Interviewer: Can you help people only in Michigan, or nationwide?
Andrew: I can only help people in the state of Michigan. I would love to help people anywhere in the country but I am only licensed to practice law in the state of Michigan.
Interviewer: To qualify, someone has to live in Michigan. The calls can come from anywhere obviously, but they have to live in Michigan?
Andrew: That is right. That brings up another important point. You don’t want to record phone calls unless you know for sure that the person calling is in the state of Michigan. I say that because a lot of people think that they can record phone calls but that technically could be a criminal act. You only want to record phone calls if you know the person.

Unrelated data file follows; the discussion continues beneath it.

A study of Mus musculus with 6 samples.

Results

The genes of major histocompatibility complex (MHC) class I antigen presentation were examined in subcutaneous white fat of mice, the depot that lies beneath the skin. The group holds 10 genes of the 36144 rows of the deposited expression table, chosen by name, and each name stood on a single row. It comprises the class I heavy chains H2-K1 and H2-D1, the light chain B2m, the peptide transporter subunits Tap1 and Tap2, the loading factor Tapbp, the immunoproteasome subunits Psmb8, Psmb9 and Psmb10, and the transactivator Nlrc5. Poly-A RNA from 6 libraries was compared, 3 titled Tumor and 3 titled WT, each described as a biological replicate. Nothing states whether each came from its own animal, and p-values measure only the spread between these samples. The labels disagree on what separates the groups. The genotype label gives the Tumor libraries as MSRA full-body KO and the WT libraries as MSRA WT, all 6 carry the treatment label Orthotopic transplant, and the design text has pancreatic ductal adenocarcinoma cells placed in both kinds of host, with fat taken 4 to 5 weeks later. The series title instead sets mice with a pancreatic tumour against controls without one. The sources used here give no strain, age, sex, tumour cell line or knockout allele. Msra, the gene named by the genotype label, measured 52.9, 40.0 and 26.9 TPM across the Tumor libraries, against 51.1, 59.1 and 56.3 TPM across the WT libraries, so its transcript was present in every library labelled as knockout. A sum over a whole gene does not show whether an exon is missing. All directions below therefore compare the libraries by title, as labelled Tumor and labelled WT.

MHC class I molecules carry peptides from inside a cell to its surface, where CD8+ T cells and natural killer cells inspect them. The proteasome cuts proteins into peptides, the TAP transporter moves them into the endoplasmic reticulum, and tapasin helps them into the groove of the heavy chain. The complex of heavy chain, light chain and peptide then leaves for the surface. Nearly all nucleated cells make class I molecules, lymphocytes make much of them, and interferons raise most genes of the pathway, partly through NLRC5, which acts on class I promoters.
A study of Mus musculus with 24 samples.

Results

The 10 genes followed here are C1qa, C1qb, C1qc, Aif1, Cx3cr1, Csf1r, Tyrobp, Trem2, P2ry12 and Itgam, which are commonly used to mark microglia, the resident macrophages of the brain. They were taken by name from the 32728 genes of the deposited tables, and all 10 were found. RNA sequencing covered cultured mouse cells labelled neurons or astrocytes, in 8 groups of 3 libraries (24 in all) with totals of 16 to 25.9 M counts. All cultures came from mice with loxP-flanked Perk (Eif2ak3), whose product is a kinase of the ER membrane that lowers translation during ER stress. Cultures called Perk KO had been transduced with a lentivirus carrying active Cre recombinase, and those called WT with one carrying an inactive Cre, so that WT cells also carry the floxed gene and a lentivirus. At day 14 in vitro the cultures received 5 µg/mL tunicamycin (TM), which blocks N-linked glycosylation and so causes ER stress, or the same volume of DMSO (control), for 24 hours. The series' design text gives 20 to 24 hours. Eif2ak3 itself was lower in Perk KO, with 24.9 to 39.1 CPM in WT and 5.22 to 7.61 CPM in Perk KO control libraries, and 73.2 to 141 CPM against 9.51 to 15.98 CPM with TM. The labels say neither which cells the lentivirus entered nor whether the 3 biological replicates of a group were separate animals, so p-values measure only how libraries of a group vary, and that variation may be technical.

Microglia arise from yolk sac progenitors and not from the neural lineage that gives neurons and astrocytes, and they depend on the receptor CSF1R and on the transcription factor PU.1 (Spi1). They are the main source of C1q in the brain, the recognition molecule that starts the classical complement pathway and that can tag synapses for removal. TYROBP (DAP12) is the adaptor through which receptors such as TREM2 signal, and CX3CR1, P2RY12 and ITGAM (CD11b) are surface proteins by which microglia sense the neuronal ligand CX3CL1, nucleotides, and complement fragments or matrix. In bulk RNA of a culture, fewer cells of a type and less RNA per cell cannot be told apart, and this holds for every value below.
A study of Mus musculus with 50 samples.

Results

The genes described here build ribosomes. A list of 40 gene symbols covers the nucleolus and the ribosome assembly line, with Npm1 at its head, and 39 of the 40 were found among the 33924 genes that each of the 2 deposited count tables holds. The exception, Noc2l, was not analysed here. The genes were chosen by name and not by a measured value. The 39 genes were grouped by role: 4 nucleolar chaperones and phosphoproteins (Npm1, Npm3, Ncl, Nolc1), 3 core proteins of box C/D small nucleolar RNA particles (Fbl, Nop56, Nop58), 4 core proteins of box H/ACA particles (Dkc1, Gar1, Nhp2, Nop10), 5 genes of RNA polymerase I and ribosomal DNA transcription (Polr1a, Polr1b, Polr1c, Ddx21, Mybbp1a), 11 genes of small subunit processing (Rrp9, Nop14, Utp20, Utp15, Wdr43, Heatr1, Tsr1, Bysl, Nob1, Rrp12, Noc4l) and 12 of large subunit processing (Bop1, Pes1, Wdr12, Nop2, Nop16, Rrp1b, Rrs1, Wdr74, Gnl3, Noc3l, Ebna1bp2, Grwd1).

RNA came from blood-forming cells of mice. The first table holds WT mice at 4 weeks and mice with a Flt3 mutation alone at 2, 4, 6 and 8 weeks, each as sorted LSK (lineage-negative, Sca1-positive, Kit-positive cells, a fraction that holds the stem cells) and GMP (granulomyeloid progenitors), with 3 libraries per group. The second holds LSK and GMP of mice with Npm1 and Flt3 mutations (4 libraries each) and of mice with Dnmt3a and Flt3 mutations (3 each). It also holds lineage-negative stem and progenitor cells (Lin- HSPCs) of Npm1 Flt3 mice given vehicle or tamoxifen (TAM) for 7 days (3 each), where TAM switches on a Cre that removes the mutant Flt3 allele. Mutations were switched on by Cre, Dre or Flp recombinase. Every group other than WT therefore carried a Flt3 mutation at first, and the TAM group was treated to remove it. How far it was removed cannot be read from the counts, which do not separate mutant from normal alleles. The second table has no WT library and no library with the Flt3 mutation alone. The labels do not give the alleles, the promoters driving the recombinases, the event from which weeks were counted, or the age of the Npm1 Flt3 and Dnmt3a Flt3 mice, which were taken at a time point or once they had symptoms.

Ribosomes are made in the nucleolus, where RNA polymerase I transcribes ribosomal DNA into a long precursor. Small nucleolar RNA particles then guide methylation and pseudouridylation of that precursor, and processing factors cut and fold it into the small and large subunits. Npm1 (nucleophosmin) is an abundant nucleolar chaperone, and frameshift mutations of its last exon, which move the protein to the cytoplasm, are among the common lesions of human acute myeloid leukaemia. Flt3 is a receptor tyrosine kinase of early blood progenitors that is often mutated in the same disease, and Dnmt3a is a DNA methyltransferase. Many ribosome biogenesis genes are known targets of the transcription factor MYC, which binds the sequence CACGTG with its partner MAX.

If you are 100% sure the person is calling from within the state of Michigan and you and that person are the only persons on the line, you can record it without their consent. If they are calling outside the state, you do not want to take that risk because you might be violating another state’s criminal law.
Interviewer: What if you say, “I am going to record your call for quality assurance?”
Andrew: You could say that but that collector will likely hang up.
Interviewer: Okay, that is a good way to make them hang up.
Andrew: You do not want them to hang up. You want the collector to spill their guts. You want to keep asking them questions and you want them to break the law. You want to be nice because the call is recorded.
You have to be careful because a jury might hear this call. So you can’t be a real jerk. You can’t swear. You shouldn’t. You can be whatever you want. But to maximize your recovery, the nicer you are to the collector the better.